The View from Saturday

by E. L. Konigsburg



Noah is the first student chosen by Mrs. Olinski to be on her team. She makes that determination while reading a paper he has written about the First Amendment. After choosing Noah, she immediately thinks of Nadia and Ethan. She observes the two closely over the next few weeks and becomes convinced that they are right for the job. It is the fourth member of the team that causes Mrs. Olinski the most trouble. She at first considers Hamilton Knapp because although he is inarguably naughty, he is smart and is also a leader. Every time she thinks about Ham, however, something tells her that her choice is wrong. Mrs. Olinski never considers adding Julian to the team. In her mind, he is "too far off the mainland...not a team player." In addition, she cannot shake the image of him on the first day of school, standing by the blackboard in front of the word "CRIPPLE."

On the day that Epiphany Middle School is invited to see the musical Annie, Mrs. Olinski receives a revelation. When an unidentified student creates such a disturbance by chanting, "Arf! Arf! Arf!" she knows that the perpetrator is from her class, and she is angry at the terribly mean spirit underlying the stunt. Although she has no proof, there is no doubt in Mrs. Olinski's mind that the disruption has been instigated by Hamilton Knapp. There is no way that she will now ask him to be the fourth member of her team.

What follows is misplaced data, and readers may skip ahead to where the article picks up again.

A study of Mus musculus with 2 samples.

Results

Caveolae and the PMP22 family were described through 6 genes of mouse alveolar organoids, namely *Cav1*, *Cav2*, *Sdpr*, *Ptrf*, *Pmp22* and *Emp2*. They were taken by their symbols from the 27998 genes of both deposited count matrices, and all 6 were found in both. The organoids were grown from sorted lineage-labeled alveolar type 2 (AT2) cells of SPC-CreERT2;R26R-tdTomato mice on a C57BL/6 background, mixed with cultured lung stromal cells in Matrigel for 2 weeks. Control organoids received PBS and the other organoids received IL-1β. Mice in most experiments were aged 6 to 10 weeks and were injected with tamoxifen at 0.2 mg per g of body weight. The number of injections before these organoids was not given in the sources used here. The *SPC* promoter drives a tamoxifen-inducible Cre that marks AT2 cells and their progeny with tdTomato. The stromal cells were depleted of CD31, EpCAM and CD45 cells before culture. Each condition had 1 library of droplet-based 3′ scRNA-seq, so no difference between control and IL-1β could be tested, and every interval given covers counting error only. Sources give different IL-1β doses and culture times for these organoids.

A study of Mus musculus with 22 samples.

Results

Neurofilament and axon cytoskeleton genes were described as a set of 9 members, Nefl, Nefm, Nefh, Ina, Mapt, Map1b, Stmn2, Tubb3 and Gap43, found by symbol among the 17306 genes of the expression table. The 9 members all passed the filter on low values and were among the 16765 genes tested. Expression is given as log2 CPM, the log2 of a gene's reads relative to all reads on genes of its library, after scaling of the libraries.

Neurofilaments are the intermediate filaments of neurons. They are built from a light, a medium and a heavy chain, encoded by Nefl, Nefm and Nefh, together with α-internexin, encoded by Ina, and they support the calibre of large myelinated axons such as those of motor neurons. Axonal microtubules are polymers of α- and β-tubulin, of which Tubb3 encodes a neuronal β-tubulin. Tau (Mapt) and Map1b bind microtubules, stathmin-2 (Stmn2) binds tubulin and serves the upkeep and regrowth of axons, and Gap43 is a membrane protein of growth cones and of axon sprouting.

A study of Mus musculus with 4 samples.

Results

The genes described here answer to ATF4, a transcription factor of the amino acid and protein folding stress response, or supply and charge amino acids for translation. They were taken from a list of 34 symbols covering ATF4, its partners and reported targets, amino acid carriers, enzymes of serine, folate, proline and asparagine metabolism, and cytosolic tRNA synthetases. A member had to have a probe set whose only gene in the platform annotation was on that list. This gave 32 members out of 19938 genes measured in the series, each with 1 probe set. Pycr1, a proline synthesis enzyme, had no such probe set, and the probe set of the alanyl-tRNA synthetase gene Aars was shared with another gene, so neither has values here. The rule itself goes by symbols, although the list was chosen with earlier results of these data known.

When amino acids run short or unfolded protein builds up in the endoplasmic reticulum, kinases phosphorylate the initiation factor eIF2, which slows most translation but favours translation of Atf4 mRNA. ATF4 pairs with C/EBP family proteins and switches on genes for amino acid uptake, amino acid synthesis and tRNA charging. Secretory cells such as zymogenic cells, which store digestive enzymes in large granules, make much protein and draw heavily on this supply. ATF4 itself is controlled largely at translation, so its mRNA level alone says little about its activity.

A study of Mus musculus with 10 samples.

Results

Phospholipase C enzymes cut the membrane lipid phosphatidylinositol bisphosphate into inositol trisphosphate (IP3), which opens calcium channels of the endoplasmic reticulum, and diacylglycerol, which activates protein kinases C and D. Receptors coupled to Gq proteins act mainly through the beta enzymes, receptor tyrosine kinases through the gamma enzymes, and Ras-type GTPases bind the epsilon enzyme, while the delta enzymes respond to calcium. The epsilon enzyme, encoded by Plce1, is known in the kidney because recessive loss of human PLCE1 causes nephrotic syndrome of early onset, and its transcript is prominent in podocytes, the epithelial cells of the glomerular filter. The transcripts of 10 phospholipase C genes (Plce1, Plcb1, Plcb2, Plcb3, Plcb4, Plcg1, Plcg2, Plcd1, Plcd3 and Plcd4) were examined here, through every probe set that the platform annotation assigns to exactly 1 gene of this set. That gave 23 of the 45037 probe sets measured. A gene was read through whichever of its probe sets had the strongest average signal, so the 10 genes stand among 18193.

Coincidentally, after the performance, Mrs. Olinski goes to Sillington House. There she is greeted by her friend, Margaret Draper Diamondstein. Ethan, who has ridden with Mrs. Olinski, steps forward to hug his grandmother. When Izzy Diamondstein comes up to be introduced, Nadia greets him and is enveloped in a hug as well. Watching the touching scene from her wheelchair, Mrs. Olinski is reminded of all that she has lost and is nearly overcome with rage and grief. At that moment, Mr. Singh appears behind her and, pushing her up to the front porch, soothingly announces that he has prepared a tea.

Mr. Singh maneuvers Mrs. Olinski over to a table at the back of the dining room and ceremoniously fills her cup. As she drinks the warm liquid and nibbles at a delicate sandwich, she feels as if a weight is being lifted from her and inexplicably is calmed. Looking around the room, she sees Noah, Nadia, Ethan, and Julian sitting at a table across the way. She is impressed by the kindness they show each other and the obvious pleasure they take in each other's company. Mrs. Olinski recognizes that it is exceedingly unusual "to find four sixth graders who listen to one another [so] sympathetically [and] unselfishly." Suddenly, "as if on signal," the four children look over at Mrs. Olinski, and in that moment, she knows. Julian Singh will be the fourth member of her Academic Team, and, one day, Mrs. Olinski will return to share "another cup of slow tea at Sillington House."